By Rachel Hogancamp, LMT
There are many ways in which we can take care of ourselves. Eating a healthy diet, getting enough sleep, and engaging in regular exercise are aspects of self-care that we all understand and accept. However, many people raised in the culture of Western medicine still consider massage therapy to be an indulgence and, in overlooking its therapeutic benefits, deprive themselves of an extraordinarily effective avenue for healing.
There are many circumstances in which massage is beneficial. When we are under stress, either personal or work-related, massage therapy can help clear those feelings of stress; it has a very grounding effect. People who have been sick find massage helpful in pushing through the last phase of their illness. During recovery from orthopedic injuries such as sprains, strains, and healing bones, massage can ease soreness and help restore range of motion.
People suffering with chronic illnesses, from fibromyalgia to cancer, often turn to massage for comforting touch and peace of mind. Victims of abuse or sexual assault seek out skilled massage therapists to help overcome their lack of trust and fears around being touched.
What if I’m under a doctor’s care?
Massage therapists often work in consultation with physicians to ease retracted tissue in patients with back injuries and herniated disks. As patients transition out of clinical physical therapy, we collaborate with physical therapists to continue the healing process through different types of bodywork. We also collaborate with area orthopedists, sports medicine physicians, and athletic trainers to help athletes become more flexible and improve their ability to ward off potential injuries. Professional athletic teams all provide regular bodywork for their athletes: this was not the case twenty years ago but today the value of massage therapy for athletes is undisputed.
What happens to the body during a massage?
Bodywork can trigger a number of physiological responses that enhance healing. These responses vary depending on the type of bodywork you’re having done. Generally speaking, massage enhances blood circulation, increases the flow of oxygen to the tissues and organs, releases toxins, loosens and elongates tight muscles, and slows the heart rate, all of which serve to reduce stress and increase energy flow, or chi, in the body. The overall effect for most people is a state of relaxation and an enhanced sense of wellbeing.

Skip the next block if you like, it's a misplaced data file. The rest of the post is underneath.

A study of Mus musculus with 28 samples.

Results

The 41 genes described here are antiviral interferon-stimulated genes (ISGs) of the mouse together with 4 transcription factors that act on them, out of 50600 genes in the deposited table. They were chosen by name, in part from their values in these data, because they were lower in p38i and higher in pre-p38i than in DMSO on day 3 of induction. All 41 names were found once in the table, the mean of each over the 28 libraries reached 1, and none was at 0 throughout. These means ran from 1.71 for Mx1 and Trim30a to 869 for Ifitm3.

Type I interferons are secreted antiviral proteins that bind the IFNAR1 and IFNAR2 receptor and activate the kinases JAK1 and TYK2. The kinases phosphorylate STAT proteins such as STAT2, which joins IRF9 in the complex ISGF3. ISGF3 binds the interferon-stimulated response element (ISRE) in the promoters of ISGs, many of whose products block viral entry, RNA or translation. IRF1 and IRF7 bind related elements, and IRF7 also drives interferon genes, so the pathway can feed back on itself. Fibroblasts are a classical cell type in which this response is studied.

How will I know which type of bodywork is right for me?
When an experienced, licensed therapist meets a client for the first time, they determine together which modalities are best for that person based on the client’s needs and goals. For example, if you are looking for a deeply relaxing experience to reduce stress and release toxins from your body, you might opt for a Swedish massage or a hot rock massage. If you suffer from myofascial pain, fibromyalgia, or limited range of motion, you might benefit from neuromuscular work with trigger-point massage. If you are an athlete seeking peak performance, sports massage can help you recover from overexertion and avoid injury.
Shiatsu is a form of Eastern acupressure that addresses the meridians in the body, relaxes muscles, increases energy flow, and is helpful if you are suffering from stress and fatigue. Thai bodywork concentrates on stretching tight muscles; reflexology applies gentle pressure to the hands and feet to help balance internal body systems; craniosacral and polarity therapy help to rebalance the body’s energy fields. There are many approaches to healing bodywork that address a range of both acute and chronic problems. Having so many modalities to choose from is beneficial because different approaches work for different people.
Massage is not about indulgence it is about taking care of yourself. Relaxation enhances healing, both physically and emotionally. Taking time to settle into your body, to breathe deeply, and to lower your level of stress should be part of preventive health care for all of us.
Rachel Hogancamp is a licensed massage therapist. She is the director of RasaSpa and works in collaboration with Cayuga Medical Center at the Island Health Center, where she can be reached at (607) 273-1740.